You probably don’t think too much about rain, except when you leave your raincoat at home or you head out to your child’s baseball game, but it’s something that many of us have thought very differently about since 2011. When rain falls in rural environments like Vermont, vegetation soaks it up, filters out pollutants, replenishes ground water levels and in turn provides water vapor to our atmosphere. However, when it rains too hard the ground soil doesn’t have enough time to soak it in and water begins to rush downhill in the path of least resistance. The excess water eventually ends up in our waterways prevalent throughout Vermont’s downtowns and villages and can have devastating effects.
The Leahy Center Environmental Summit, held March 20-21 in Burlington, was designed “to inspire social and structural resiliency for flooding and floodwater issues related to climate change.” Teams from around the state worked to create a project that would help mitigate damage to private property, businesses and infrastructure. There was a poignant moment in a film depicting the aftermath of flooding that took place in 2011, but out of that moment arose a shared sense of pride and accomplishment for all the work that the participants have been working on over the last four years in their communities.
For Barre, the flooding in 2011 occurred when downtown revitalization efforts were just starting to ramp up with the Big Dig. The Barre contingency at the Leahy Summit comprised Mayor Thom Lauzon, City Manager Steve Mackenzie, Joel Schwartz from Barre Area Development Corp., and Police Chief Tim Bombardier. The process was inspiring for my work in the downtown revitalization of Barre and demonstrates the importance of collaboration among community organizations and municipalities.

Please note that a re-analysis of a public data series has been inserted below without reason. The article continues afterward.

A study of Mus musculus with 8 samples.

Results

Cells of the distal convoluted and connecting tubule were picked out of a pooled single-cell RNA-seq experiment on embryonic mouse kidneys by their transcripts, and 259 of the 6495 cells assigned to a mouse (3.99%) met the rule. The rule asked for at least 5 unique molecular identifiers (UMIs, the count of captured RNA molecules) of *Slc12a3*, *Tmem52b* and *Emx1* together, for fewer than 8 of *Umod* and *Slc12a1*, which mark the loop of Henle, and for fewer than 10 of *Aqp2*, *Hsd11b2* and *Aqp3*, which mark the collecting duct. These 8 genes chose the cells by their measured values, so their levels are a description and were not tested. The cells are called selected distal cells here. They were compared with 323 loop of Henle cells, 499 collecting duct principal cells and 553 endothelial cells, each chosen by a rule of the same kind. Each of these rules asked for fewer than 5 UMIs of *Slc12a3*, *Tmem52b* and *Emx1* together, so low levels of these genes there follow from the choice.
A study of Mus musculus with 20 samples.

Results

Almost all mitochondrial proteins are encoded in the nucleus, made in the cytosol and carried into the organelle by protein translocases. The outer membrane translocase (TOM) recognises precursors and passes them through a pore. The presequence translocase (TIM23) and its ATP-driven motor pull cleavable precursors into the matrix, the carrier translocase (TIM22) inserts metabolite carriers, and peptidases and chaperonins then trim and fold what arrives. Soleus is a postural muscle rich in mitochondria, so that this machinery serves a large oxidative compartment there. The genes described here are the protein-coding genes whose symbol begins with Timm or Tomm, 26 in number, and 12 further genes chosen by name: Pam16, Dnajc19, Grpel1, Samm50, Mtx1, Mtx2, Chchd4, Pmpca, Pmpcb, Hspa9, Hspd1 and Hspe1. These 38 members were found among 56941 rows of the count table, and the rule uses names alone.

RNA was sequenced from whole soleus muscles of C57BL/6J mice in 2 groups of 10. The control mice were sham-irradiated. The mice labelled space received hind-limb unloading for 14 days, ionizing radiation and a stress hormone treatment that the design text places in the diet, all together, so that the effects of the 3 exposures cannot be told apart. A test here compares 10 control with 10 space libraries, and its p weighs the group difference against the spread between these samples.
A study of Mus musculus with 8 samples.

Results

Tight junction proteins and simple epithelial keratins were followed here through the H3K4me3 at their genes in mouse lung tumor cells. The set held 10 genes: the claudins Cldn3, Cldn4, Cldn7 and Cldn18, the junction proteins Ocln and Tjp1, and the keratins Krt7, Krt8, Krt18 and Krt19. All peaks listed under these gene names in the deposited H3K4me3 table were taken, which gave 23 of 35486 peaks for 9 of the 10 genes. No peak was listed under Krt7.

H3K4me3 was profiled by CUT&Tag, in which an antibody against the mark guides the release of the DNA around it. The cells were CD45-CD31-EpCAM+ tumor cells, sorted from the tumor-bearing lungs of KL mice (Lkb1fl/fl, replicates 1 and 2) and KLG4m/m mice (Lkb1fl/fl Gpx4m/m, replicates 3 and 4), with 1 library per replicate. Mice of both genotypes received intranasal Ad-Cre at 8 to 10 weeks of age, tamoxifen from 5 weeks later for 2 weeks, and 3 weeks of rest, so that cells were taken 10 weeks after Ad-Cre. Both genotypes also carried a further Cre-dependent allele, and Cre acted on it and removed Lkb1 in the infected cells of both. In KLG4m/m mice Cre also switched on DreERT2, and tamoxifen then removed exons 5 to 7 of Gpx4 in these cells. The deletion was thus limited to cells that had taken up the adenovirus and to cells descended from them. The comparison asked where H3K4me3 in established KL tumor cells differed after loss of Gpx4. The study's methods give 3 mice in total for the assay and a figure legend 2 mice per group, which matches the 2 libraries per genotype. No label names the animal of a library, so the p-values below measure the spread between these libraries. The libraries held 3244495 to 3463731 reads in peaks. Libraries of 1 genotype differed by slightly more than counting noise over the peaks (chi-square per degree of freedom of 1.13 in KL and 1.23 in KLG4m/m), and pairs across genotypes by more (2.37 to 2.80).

As Executive Director of The Barre Partnership, I have had the opportunity to meet with many business owners and non-profit leaders, as well as community stakeholders, to learn about their work and how the Partnership can better serve them. My conversations revealed a common goal that I think we can all support: an economically vital and friendly downtown Barre.
The Barre Partnership’s mission to build and promote a revitalized downtown is entering the next phase of its evolution. My focus over the next several months will be to continue the momentum of 2014 by rolling out the new brand of The Barre Partnership in various media and with the support of members, to work closely with city leaders and economic development professionals to promote downtown Barre to prospective businesses, and to expand the Partnership’s relationship within the Barre community to attract individuals and families to its mission.
We have begun to develop our calendar of events that will include our Concerts in Currier Park series on Wednesday evenings beginning June 10; the Barre Heritage Festival from July 22-26 and Barre Merry Holidays beginning in November. We are developing new events for this year and into 2016. On April 1 the Partnership will hold a tax credit clinic for Barre’s downtown property owners in the Community Room of the Aldrich Public Library. Barre’s designated downtown and the presence of The Barre Partnership has provided $950,000 in tax credits for property owners and, in turn, has leveraged over $7 million in investment in the downtown.
The Barre Partnership is a non-profit, volunteer organization. As a non-profit, it relies on the financial support of the City of Barre and the Town of Barre, from the local business community that directly benefits from its work, and local citizens who ultimately benefit from a revitalized downtown. As our spring membership campaign begins this week, I encourage business owners to become members of The Barre Partnership. Our collective energy and resiliency will no doubt lead to further revitalization in downtown Barre.
Joshua Jerome is the Executive Director of The Barre Partnership and can be reached at 802-477-2967 or email@example.com.